We — as a collective hockey-watching audience — have been treated and gifted multiple cemented first-overall selections for several drafts. Whether it is Connor McDavid, Auston Matthews, Alexis Lafreniere, or even Nathan MacKinnon in 2013 — there have been top-tier top picks for a while. Everyone knew who was going to be selected first, it was just figuring out the picks after that which caused the drama.
For 2021, influenced by the pandemic or not, there really isn’t one of those top players. According to those that have been scouting and analyzing prospects for decades, this draft doesn’t really have any prospects destined for stardom either. With a plateau of talent and no one really sure who will be selected first, most of those projections have relied on Owen Power, a towering University of Michigan defenseman, to be the top pick.
Power has already caught a lot of attention for being able to actually play some hockey, unlike some draft prospects, and was playing in one of the most prestigious college programs. Even before that, he grew and developed his game playing for the Chicago Steel of the USHL, a very well known program for taking raw skilled players and turning them into draft-ready teenagers. He has already represented his country on the big stage earlier in this spring when Canada earned the gold at the IIHF World Championships.
Despite being a likely top selection, Power hasn’t decided on his future yet. It might not be up to him, but he’s even leaning to returning to Michigan, playing out his sophomore year and developing further, rather than being thrown into the professional level. That should give you a sense of the level of prospects this year.
But don’t let that discourage you. The Wild still have two selections in the mid-to-late first round, so there will be plenty of arguing over who they should take or should have taken instead.
No. 1 (NA skaters) by NHL Central Scouting
No. 6 by Future Considerations
No. 9 by Dobber Prospects
No. 1 by Wheeler/The Athletic (midseason)
No. 1 by Sportsnet
What Scouts Are Saying
Would He Fit In With The Wild?
Honestly, he would be a perfect fit for this team. Already a blue line full of mobile defenders, Power would just seamlessly come in and adapt to this system. With his size and experience in college, he could hypothetically allow for some flexibility in terms of size around him. Maybe it means more ice-time for Calen Addison, but right now I’m living in a dream world where the Wild have a top-5 pick.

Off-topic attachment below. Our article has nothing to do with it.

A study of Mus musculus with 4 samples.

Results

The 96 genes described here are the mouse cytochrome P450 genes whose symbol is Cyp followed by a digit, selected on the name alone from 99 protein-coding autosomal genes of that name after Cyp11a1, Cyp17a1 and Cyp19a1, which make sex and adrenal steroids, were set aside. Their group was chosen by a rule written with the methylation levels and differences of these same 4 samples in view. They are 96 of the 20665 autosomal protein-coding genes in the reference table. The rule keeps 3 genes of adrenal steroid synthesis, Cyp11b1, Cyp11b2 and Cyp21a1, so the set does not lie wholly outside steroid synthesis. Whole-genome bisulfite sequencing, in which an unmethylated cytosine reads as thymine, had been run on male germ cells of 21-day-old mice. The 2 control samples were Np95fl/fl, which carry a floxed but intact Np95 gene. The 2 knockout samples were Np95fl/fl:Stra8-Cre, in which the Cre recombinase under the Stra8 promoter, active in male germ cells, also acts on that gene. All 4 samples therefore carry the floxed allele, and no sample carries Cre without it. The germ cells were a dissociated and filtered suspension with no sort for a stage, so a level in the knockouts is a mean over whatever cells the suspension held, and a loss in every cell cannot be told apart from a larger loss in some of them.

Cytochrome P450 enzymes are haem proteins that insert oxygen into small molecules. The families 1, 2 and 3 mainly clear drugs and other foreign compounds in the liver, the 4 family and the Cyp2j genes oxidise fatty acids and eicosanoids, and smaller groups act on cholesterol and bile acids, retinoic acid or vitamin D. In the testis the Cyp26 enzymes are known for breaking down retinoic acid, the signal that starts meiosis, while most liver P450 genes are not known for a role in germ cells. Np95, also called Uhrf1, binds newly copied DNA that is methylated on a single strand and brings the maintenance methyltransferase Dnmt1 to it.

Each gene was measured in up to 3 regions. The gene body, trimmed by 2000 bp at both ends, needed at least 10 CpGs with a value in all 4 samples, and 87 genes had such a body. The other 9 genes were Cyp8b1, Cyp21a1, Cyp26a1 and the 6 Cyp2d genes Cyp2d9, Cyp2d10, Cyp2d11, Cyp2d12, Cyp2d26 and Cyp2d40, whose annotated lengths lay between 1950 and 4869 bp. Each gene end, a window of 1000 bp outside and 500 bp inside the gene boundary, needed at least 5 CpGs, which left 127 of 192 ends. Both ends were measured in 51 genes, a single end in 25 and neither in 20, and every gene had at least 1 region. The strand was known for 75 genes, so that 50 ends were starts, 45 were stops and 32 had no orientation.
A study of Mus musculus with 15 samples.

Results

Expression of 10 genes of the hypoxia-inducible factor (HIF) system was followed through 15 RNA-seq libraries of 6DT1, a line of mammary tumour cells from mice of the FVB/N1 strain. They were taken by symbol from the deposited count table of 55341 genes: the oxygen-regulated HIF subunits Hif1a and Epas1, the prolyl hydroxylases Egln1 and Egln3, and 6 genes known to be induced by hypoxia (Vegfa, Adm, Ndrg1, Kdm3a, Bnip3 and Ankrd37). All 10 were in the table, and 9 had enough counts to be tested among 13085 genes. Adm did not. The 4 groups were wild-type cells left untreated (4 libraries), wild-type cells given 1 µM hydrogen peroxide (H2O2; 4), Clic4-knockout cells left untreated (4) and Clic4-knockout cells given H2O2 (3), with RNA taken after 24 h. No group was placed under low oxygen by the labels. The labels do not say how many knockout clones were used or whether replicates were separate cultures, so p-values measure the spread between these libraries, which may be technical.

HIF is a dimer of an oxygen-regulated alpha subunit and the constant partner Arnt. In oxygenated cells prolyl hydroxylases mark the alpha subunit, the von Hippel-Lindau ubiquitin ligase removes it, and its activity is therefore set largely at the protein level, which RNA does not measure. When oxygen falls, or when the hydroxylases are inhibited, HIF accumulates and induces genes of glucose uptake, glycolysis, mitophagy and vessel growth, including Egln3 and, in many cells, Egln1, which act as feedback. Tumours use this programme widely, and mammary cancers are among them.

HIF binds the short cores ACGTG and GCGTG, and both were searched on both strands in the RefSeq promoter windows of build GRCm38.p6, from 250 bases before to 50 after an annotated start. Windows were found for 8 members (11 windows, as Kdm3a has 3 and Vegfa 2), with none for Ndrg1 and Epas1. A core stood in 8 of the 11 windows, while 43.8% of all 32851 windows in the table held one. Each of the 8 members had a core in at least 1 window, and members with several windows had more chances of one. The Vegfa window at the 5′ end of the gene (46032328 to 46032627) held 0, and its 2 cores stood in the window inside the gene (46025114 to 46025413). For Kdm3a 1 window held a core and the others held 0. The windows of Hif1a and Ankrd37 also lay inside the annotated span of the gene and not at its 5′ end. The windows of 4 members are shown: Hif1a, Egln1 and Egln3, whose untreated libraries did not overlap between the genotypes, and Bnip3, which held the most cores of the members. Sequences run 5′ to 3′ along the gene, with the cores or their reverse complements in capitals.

A defender that doesn’t really have a skyscraper-high ceiling but will be a more-than-capable NHL defenseman is basically every blueliner that the Wild have taken in recent memory. Jonas Brodin, Matt Dumba, Filip Johansson, even going as far back as Nick Leddy in 2009 — it has been a consistent take for this franchise no matter who is in charge.
Could The Wild Get Him?
Not at all, plainly. The Wild currently own the 21st and 25th overall picks in the first round and Power will be long-gone by then. Even if he drops a little bit — as controversial picking a defenseman first overall is — he will be going to a team that is in the first eight or so picks.
A Minnesota Relation
Most of the time, comparing prospects to current or former NHL players is a pointless exercise, as they might not even get close to that talent level and it gives an unfair expectation. But, instead we decided to have some fun with it and compare players to current or former Minnesota Wild players — with no real analysis.
The first thought that popped into my head when seeing a 6-foot-5 mobile left-handed defenseman, is Ryan Suter, obviously. A threat on the powerplay and someone that can move the puck up the ice with some skating ability — as Suter did when he was much younger — Power just reeks of this Wild comparison.